Earlier in this series, we outlined the basics of descriptive analytics and predictive analytics. In this post, we will discuss the basic concepts of prescriptive analytics.

Prescriptive analytics is the highest level of analytics and also the most complex to set up and program.

It examines data from a wide variety of internal and external sources and uses a number of different techniques; from machine learning, image processing, applied statistics and natural language processing. Prescriptive analytics not only tries to predict what will happen but also understand why it will happen and present different options on how to take advantage of future opportunities.

Where descriptive analytics might consider data as a pond of information that can be accessed when needed, prescriptive analytics is a stream that constantly feeds new information into the software to allow for real-time analysis and provide information that enables fast and solid decision-making.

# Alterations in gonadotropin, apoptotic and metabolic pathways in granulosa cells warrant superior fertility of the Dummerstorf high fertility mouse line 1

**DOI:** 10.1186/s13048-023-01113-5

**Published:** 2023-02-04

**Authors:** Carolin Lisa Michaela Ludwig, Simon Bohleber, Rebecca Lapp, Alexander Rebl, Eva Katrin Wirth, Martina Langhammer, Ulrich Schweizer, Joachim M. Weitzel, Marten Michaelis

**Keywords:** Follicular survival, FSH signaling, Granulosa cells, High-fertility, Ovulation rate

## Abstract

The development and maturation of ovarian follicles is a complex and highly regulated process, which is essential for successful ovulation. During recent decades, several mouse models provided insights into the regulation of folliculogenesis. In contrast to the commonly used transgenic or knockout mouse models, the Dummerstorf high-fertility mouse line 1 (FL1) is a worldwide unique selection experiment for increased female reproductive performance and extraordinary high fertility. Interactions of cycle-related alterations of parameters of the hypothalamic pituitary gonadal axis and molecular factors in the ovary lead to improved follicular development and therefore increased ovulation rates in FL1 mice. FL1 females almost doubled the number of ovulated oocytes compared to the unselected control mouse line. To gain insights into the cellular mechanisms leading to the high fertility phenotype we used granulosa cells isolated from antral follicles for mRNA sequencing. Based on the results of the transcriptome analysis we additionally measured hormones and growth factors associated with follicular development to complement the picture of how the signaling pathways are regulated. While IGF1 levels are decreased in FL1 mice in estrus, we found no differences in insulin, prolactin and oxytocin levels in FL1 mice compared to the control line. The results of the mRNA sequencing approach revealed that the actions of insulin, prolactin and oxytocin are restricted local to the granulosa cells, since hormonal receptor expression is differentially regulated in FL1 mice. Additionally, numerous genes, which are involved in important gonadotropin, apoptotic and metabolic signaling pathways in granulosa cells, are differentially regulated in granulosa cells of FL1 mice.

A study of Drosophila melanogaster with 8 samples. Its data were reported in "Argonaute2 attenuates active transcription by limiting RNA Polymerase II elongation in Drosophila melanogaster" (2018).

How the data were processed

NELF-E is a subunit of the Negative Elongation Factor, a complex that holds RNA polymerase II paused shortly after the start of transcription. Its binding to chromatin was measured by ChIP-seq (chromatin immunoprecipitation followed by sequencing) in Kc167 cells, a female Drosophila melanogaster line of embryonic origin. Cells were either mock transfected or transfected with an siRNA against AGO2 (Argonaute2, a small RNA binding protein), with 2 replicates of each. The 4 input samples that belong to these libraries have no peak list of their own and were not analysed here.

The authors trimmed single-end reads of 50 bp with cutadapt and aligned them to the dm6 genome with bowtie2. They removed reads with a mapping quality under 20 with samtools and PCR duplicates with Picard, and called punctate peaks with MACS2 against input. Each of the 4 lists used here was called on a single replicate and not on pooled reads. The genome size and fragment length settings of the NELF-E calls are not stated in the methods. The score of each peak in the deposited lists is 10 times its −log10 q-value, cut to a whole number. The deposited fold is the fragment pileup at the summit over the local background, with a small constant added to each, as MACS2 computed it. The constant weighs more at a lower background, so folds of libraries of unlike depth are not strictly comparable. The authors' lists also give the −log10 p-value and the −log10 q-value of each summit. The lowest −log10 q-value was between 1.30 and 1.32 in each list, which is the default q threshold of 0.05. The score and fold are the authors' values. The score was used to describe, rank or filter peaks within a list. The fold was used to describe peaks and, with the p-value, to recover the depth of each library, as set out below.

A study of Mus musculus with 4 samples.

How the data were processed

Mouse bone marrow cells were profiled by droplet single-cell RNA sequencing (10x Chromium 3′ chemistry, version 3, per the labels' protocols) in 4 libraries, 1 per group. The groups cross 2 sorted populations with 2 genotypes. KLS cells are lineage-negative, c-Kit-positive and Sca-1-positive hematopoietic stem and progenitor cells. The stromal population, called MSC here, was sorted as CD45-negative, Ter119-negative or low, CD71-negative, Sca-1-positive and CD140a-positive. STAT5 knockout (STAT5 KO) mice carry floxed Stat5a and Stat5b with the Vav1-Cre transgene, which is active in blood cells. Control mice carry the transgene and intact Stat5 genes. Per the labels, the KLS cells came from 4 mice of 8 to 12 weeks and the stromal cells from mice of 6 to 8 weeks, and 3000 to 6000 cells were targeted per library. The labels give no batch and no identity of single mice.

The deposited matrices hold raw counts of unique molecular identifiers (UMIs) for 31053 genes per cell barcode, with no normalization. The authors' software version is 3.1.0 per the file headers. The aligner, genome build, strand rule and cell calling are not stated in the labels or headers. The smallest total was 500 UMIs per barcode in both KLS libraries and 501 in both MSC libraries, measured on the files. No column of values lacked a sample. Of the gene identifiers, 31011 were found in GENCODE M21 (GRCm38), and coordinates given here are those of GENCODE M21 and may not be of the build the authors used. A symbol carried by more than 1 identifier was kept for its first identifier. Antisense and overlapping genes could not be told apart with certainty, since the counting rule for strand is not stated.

It can sometimes be difficult to appreciate where predictive analytics leaves off and prescriptive begins, but one basic distinction is that it translates a forecast into a feasible plan for moving forward.

Prescriptive analytics often uses optimization tactics such as A/B testing to gain much clearer insight into what works best under different circumstances and scenario planning to better appreciate how changing individual aspects of program or product affects the way that individuals like and use a particular offering. Equally important, it can be used to identify what changes are infeasible and could result in poorer performance.

Now that we have a basic understanding of the three basic type of advanced analytics, in our next post we will provide some real-world examples of insurers who are using analytics to enhance their business.